Schools Squeezed Between Two Sets of Federal Rules
Thirty Maryland elementary schools -- most from the Washington area -- failed to meet standards required by the No Child Left Behind law because they assisted thousands of children who have disabilities or limited English skills on a key standardized test, state and local officials said yesterday.
The officials said they and educators in other states are being squeezed between two sets of federal rules: one that invalidates the scores of children who had the test read to them and another that requires schools to provide such help.
The 30 Maryland schools, like thousands of others across the country, are at risk of having to pay tutors, change their faculties and even face possible state takeover because of their low test scores under No Child Left Behind, the foundation of the Bush administration's education policy.
Terms of the new federal law's testing requirements clash with decades-old legislation that requires some children to receive special assistance in the classroom and on examinations.
Maryland Schools Superintendent Nancy S. Grasmick and Montgomery County Superintendent Jerry D. Weast said they are concerned that if the federal government does not resolve the conflict soon, students still learning English or in special education classes will be blamed for the undesirable "needs improvement" label attached to schools that fail to meet state-imposed standards.
Grasmick said, "We do not want any backlash" aimed at "some of our most vulnerable students."
If schools decided to try to improve their test scores by not offering assistance to those students, Grasmick and Weast said, it would be like requiring wheelchair users to run a 100-year dash -- with frustration for the students and confusion for their parents.
The problem occurred on one section of the new Maryland School Assessment in reading taken by third-graders in March. It is standard procedure in Maryland for adults to read test questions to students with limited English skills and to special education students whose individual education plans require such accommodations.
But the private company that developed and scored the Maryland exams, following rules set by national associations for testing professionals, threw out the results when students received such help on questions that asked them to recognize individual words and explain their meaning. Under current guidelines, when any section of the test is invalidated, the student fails the entire test and receives the lowest possible score.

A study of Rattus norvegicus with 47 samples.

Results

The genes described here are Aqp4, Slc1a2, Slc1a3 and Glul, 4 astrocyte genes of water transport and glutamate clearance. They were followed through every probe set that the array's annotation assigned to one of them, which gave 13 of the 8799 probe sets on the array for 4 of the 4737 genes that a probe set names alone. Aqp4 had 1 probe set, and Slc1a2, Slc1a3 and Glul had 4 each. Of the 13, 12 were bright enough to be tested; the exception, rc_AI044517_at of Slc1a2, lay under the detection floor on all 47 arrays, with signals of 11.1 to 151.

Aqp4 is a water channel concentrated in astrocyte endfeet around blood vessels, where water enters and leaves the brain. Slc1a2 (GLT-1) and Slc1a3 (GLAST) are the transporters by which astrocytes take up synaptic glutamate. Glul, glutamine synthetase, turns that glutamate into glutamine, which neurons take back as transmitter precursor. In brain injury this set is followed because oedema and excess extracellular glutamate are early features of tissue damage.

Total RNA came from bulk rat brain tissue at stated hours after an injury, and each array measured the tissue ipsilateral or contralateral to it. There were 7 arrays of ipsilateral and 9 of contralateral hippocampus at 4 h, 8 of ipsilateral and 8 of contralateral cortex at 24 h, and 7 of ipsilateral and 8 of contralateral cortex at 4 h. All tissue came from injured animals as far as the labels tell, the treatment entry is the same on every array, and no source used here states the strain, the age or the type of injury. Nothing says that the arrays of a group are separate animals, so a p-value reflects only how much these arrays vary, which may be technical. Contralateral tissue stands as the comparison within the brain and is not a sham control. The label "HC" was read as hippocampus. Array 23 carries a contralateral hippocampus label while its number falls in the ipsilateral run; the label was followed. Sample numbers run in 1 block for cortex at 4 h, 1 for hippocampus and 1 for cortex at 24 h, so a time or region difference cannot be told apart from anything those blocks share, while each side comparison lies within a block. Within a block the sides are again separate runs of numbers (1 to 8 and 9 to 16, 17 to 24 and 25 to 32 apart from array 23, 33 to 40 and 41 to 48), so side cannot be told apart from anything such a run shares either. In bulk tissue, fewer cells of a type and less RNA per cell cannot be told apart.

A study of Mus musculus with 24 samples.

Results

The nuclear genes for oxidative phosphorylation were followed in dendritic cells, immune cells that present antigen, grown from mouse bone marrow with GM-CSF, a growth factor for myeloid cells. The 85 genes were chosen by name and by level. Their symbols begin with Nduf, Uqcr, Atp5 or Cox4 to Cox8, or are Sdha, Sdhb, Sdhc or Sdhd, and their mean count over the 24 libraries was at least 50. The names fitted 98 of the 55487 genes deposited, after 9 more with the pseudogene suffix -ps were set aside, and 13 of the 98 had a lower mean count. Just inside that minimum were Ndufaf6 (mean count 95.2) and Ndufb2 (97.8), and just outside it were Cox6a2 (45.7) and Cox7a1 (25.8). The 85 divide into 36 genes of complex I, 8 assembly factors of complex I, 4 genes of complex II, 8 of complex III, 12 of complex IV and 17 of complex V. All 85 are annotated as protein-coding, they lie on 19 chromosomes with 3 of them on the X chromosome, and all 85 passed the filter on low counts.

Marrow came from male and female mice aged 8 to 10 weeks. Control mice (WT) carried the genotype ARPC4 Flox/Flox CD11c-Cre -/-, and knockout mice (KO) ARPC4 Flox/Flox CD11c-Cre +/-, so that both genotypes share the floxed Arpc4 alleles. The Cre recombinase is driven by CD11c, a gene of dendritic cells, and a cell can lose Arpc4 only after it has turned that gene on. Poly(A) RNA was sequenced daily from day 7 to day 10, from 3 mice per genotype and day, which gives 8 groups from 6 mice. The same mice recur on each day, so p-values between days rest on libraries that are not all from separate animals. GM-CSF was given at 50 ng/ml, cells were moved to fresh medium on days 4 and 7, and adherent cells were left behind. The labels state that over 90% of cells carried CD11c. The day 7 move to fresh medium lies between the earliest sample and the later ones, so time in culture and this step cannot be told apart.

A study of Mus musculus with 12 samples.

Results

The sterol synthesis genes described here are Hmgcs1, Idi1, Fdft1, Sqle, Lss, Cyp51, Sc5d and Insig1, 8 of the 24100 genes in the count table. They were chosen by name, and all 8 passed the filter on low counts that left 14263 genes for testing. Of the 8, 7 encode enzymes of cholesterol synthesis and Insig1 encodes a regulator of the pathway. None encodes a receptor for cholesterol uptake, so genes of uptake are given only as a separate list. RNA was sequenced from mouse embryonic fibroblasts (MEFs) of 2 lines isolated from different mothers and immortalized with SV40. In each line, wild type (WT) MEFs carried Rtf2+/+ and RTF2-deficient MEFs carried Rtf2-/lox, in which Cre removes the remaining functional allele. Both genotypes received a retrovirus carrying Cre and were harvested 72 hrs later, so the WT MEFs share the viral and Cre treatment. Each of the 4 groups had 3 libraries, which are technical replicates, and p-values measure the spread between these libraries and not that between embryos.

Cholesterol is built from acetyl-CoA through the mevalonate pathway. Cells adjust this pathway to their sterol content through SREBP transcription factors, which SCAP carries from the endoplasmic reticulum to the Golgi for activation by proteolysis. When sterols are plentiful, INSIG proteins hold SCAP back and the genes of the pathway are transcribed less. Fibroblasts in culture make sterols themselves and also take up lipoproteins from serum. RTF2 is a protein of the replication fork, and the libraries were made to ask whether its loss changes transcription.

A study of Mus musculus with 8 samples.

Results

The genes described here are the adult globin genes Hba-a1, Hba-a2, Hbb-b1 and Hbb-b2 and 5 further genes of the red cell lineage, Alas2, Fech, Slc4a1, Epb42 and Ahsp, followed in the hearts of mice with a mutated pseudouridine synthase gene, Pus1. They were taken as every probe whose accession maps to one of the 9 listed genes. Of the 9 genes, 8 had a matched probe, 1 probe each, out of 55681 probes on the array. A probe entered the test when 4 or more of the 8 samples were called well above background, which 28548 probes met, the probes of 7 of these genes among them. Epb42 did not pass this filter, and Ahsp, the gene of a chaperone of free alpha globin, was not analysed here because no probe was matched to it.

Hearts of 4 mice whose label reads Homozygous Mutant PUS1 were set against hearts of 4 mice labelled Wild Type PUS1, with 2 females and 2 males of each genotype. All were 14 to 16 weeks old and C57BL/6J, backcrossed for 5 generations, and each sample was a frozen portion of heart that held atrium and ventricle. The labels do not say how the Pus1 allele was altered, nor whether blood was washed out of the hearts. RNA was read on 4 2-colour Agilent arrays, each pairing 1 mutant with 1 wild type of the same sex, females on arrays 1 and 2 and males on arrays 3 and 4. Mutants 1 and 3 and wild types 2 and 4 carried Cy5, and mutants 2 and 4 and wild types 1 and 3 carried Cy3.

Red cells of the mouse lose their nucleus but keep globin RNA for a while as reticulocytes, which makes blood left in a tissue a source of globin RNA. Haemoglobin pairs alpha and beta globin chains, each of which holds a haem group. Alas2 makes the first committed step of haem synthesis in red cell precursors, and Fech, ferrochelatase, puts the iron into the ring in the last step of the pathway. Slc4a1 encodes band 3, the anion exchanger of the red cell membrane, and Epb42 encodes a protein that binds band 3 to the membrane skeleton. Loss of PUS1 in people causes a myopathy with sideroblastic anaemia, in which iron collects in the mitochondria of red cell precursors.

"This is very hurtful for them," Weast said. "Most of them want to do well and are used to the accommodation."
Across Maryland, the reading scores of 3,394 third-graders were reduced to the lowest grade possible, according to state officials. Thirty schools of the 511 listed as not meeting new state standards actually would have met the standards had the students' scores not been lowered, according to Grasmick.
Three of those schools are in Anne Arundel County, and two are in Howard County. But the issue is particularly crucial for Montgomery and Prince George's counties, which together accounted for 16 of the 30 Maryland elementary schools in that situation.
Weast said that in Montgomery, the scores were invalidated for 461 special education students and 371 students still learning English. In Prince George's, 523 special education students and 427 students with limited English skills received similar results, said Edward Roke, the state's acting director of testing, research and evaluation.
Because of similar concerns about testing requirements, Virginia officials filed their plan to comply with No Child Left Behind under "strong protest."
Ronald J. Tomalis, acting assistant secretary for elementary and secondary education in the U.S. Education Department, said his office is working with Grasmick to address her concerns. He said that although the law requires students with little English to be tested, even if they have just arrived in the United States, those scores do not have to count against a school until the students have been in the school for a year.
Tomalis said he believes further study would uncover ways that Maryland and other states could accommodate students with disabilities without violating the professional standards for test validity.
Weast said he decided to delay sending each student's test results home because a letter from the grading company stated only, "We were unable to give a score to your child," and advised parents to call their schools for further information.
Grasmick said she is working on an informational mailing to those children's parents. The parents should receive their children's results within several weeks, and next year they will receive more complete results, a state spokesman said.
Ricki Sabia, co-chairman of an advocacy group for Montgomery County special education students and director of public policy for the National Down Syndrome Society, said that parents should still receive an accurate reflection of how their children performed on the test -- even if the official record only shows a failing grade.
"How do we get these tests to be more meaningful for kids?" Sabia said. "For starters, give them an actual score."